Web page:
This review hurts. Curious as to know why? This game hurts. Rarely, and we’re talking “lunar eclipse on Friday the 13th while the Cubs win the pennant” rarely, we find a game with no intrinsic value: A game lacking style, strategy, creativity or even fun. This game is lazy in the most frustrating sense. We’re not even going to attempt to give this game some sort of colorful context or thematics. This is Adventure Time: Card Wars. Adventure Time is a wonderful, wonderful series about a boy adventuring (and growing up, despite himself) in a post-apocalyptic world where kingdoms are made of candy, dictatorships are alive and well, magic is very real, and his older brother is a wise-cracking dog in a healthy relationship with a Korean-speaking rainbow unicorn. See, there’s a world to this show, a shockingly fleshed out and imaginative world that people of all ages want to explore and play in. Seriously, the fanbase for this show is ravenous and would probably drop some serious cash to enjoy One would assume making a game around it would not be that difficult.
So we’re baffled that they would choose the card game to be based around an episode where Jake, the dog/older brother mentioned earlier, forces Finn (the main character) to play an overly-complicated card game where Finn has to lose in order to keep Jake from going crazy. The episode actively mocks the eccentricities of Magic the Gathering’s mechanics and player-base, and it’s undoubtedly humorous. However, the irony of making a card game based on an episode mocking card games was probably lost on Cryptozoic.
Each player receives four over-sized cardboard slats which act as your lands. Each turn, you receive two points to spend playing monsters and constructs or casting spells. You get one creature/monster/poorly drawn thing and one construct per land. Each monster-whatever attacks the land adjacent to it. If there’s nothing blocking it, it attacks that player a la Yu-Gi-Oh. Whoever takes 25 hits loses the game. After one round the only thing really lost was patience and time.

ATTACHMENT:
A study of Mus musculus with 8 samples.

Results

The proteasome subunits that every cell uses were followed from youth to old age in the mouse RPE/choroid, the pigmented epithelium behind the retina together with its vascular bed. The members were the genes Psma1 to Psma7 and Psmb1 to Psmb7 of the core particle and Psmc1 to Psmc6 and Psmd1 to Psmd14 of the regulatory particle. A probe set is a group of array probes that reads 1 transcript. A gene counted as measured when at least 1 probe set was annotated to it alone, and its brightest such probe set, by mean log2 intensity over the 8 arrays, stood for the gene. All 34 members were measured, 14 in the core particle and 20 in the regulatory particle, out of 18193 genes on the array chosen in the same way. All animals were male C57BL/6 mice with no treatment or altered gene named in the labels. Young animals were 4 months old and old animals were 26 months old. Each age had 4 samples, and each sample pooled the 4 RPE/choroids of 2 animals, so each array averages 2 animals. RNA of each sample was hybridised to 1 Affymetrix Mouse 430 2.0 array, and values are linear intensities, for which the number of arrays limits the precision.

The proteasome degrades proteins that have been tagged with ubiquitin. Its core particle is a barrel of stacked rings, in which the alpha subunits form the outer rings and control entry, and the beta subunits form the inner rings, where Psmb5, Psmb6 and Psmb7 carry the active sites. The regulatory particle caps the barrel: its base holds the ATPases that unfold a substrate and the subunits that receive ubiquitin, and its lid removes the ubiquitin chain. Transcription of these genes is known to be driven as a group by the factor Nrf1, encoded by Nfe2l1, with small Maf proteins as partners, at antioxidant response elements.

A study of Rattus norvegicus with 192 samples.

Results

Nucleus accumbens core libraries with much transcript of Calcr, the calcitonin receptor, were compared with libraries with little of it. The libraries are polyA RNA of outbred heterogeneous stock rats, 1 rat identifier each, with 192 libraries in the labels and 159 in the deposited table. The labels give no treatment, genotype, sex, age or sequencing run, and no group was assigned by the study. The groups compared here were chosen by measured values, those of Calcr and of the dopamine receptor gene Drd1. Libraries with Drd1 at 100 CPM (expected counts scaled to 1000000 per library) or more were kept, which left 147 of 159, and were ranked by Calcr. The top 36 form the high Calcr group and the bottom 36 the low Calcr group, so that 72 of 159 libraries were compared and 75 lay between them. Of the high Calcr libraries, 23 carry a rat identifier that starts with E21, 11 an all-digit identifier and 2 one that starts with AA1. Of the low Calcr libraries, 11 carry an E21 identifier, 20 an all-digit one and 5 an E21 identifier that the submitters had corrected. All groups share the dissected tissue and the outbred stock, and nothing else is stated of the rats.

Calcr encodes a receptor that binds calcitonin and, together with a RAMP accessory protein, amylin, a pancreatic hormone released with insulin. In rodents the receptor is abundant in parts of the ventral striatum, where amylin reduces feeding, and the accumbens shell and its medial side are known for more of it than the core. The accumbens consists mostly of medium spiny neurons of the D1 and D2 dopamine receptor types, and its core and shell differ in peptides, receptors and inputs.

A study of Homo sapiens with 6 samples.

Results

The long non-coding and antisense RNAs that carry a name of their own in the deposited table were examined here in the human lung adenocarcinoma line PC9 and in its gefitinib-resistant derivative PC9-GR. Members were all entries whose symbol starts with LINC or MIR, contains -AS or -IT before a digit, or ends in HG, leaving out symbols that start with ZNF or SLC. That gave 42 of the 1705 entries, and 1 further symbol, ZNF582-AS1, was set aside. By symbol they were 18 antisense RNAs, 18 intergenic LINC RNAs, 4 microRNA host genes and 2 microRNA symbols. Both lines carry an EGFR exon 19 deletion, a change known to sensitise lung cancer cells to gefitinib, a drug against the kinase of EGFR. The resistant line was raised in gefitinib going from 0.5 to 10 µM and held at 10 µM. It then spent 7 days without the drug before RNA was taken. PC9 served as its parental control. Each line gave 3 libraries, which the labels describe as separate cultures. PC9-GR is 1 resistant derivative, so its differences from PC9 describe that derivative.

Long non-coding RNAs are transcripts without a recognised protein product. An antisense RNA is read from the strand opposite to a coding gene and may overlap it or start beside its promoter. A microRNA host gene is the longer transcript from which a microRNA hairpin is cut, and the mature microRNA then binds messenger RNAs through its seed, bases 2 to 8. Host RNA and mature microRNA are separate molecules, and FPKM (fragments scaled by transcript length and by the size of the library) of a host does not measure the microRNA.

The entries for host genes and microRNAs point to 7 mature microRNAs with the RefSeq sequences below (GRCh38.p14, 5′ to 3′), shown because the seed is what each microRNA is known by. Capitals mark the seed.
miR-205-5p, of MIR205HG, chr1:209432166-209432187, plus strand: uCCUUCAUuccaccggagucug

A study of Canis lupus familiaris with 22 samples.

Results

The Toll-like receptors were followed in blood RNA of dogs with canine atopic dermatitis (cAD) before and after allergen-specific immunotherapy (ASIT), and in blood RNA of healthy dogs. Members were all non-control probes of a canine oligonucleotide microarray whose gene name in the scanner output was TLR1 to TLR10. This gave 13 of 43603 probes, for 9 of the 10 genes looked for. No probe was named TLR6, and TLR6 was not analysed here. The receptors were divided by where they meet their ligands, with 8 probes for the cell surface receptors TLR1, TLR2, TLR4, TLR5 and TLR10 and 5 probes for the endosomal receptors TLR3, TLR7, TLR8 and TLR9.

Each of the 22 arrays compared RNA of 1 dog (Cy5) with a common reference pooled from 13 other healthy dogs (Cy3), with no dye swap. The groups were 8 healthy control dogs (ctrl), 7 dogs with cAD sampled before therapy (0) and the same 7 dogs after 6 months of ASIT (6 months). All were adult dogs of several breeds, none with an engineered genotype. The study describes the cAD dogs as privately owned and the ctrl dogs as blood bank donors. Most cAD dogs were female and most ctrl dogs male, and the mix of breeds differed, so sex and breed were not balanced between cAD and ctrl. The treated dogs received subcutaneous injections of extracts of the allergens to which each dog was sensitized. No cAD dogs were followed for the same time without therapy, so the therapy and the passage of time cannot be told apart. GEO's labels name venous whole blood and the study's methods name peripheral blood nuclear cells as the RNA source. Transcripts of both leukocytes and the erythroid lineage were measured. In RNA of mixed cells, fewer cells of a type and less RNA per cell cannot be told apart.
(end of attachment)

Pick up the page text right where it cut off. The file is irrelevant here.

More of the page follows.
You’ll only ever be able to have 8 cards in play maximum: By the time you’ve managed to strategize, you’ve probably already played a few monsters just to keep yourself afloat. Well, sorry bucko, you’re kind of stuck with them. Oh, but you just drew a monster that will let you do this cool thing and– Nope. Sorry buddy. You already have four monsters, so you’re stuck. Hm, well, maybe the constructs do something cool and game-changing? Oh, nope, sorry, they’re few and far between. In four games, we only ever had a maximum of two of them on the field. That’s a quarter of the “board” that’s completely unused. So, maybe the art can save it? Good art can salvage a mediocre game, just like mediocre art and hinder an otherwise wonderful game (we’d mention Ascension but half of Skip-A-Turn genuinely likes the sketchy, freaky art so…). Well, sorry again: The art here is a major disappointment. Adenture Time is a colorful, vibrant, superflat show that has the opportunity for some fun (if not simplistic) art. The game decided to keep the simplistic and superflat stylings but drop the fun, vibrant, colorful, and/or interesting parts. The art is either lifted directly from the show, is ugly in a not-charming way, or is just lazy. Some of the cards are honestly the exact same, with a change of hats and a recolor.
To make sure it wasn’t our own snobbery running rampant (we have played an excessive ammount of Hex Hex as of late), we even brought in an outside friend who adored it… For one round. Then seemed to lose any and all enthusiasm by the time it came to a second play-through. And then asked if we could go play Mario Kart 8 instead of playing a third game. That is a great way to just summarize this game: There are more fun things you can be doing then looking at bad art and a boring game.
Skip-A-Turn might have found it’s new standard for horrible games with this one. Munchkin might have the maturity of a 15 year old boy on Reddit, and Kill Doctor Lucky might be a slog, but at least there was effort there. A strong concept hindered by weak mechanics, or an attempt to reach a niche audience, there was an effort for a good game. This game wants you to buy it based on your love for an extremely popular cartoon, and nothing else, and that’s despicable. Games are brilliant little ideas in a box, not pre-processed American cheese that couldn’t be bothered to make itself presentable. Pass, burn, and drink to forget that this game has 107 “collectable” cards and sells it’s booster packs for 7 bucks a pop.
Buy Adventure Time: Card Wars
Skip-A-Turn Variation: Set off to find a new home: Go watch Adventure Time on Cartoon Network, play the Adventure Time Video Game, and wait for a good board game or RPG for the Adventure Time franchise.